An installation by artist John Simon, accompanied by original music by John Chin for jazz quartet with interactive electronics
I was a wide eyed six year old mesmerized by an endless stream of cars. To a boy from Louisiana, New York City was the outside world in constant motion. How could it be so dense, complex and fascinating, too? The repeating patterns in "Traffic" trace their origins to this youthful introduction to dynamic systems.
Traffic simulation is such an elegantly simple piece of code to write. The rules are familiar to everybody. Red light stop. Green light go. Move forward but don't hit the car in front of you. And yet, when I apply these rules to hundreds of software objects and let them loose in a video frame, I get endless variability. Each day's traffic tells a different story. Flows and slowdowns come and go. Cars pile up at intersections. Traffic jams occur in my computer simulations exactly as they do in the real world. And they clear up just as mysteriously.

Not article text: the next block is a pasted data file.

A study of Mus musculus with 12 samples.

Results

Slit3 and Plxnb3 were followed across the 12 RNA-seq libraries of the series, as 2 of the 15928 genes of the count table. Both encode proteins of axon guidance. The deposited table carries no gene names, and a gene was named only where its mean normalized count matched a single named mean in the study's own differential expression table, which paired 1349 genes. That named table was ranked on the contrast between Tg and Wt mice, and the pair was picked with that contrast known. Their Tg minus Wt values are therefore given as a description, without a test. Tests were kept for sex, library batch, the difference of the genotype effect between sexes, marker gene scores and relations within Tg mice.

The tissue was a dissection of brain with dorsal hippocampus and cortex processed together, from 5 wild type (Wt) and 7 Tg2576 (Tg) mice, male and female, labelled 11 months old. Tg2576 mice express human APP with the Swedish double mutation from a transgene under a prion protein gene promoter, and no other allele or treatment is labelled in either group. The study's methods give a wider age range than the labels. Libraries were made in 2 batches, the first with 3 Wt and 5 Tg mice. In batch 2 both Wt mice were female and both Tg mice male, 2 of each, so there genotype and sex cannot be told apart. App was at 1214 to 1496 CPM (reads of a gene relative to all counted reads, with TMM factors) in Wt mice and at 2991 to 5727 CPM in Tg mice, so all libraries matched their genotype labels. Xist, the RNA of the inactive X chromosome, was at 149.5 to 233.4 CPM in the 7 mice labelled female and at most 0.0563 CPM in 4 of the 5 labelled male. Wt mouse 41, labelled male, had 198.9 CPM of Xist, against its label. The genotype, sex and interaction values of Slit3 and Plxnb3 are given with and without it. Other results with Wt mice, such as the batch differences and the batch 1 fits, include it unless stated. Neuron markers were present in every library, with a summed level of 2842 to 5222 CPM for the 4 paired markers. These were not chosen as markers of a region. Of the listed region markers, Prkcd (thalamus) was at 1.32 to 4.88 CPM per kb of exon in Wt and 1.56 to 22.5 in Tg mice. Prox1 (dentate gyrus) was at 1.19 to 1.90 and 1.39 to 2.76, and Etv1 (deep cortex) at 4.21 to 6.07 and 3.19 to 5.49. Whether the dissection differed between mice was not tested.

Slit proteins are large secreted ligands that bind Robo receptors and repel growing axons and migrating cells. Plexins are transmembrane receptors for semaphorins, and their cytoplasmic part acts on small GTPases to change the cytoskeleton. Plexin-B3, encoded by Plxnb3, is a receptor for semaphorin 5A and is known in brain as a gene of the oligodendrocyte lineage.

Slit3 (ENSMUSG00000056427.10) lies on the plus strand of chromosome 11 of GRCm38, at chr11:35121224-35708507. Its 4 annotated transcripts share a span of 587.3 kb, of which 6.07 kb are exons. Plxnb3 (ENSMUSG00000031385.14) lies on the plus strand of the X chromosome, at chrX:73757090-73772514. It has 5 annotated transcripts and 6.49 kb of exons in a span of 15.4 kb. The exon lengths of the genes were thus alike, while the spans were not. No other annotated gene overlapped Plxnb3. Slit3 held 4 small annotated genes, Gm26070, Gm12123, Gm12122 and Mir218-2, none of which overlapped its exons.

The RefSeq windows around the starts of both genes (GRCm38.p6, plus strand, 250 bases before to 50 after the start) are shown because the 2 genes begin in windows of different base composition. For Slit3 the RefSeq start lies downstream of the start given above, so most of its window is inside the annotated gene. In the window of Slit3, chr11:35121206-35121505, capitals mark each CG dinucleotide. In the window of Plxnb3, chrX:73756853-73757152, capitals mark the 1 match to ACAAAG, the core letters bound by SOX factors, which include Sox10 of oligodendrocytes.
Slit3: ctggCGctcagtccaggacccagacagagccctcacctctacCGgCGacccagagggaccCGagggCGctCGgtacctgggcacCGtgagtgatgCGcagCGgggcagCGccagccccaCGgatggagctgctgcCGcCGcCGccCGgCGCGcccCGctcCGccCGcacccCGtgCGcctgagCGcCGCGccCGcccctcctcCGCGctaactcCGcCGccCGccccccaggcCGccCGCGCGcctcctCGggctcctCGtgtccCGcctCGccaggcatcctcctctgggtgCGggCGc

Piet Mondrian captured the rhythms of New York City in his famous painting 'Broadway Boogie Woogie' (1942-3). His love of jazz and improvisation informed his composition. The geometry of the streets became the stage for improvisation.
"Traffic" starts with Mondiran's attitude and sets it in motion. Randomness in the software provides unexpected movement. Mondrian's geometry is a perfect match for the pixels of a computer screen. The Modernist vision is played out in its endless combinations which are as real as the traffic on the street.
The images in the "Traffic" software change continually and never repeat. Colors vary, street size and number, even the number of cars on the street changes. It can be shown in real time from a computer, as HD video or standard video. As a video, "Traffic" is a 10 minute long selection. The software version constantly evolves as new traffic patterns are explored.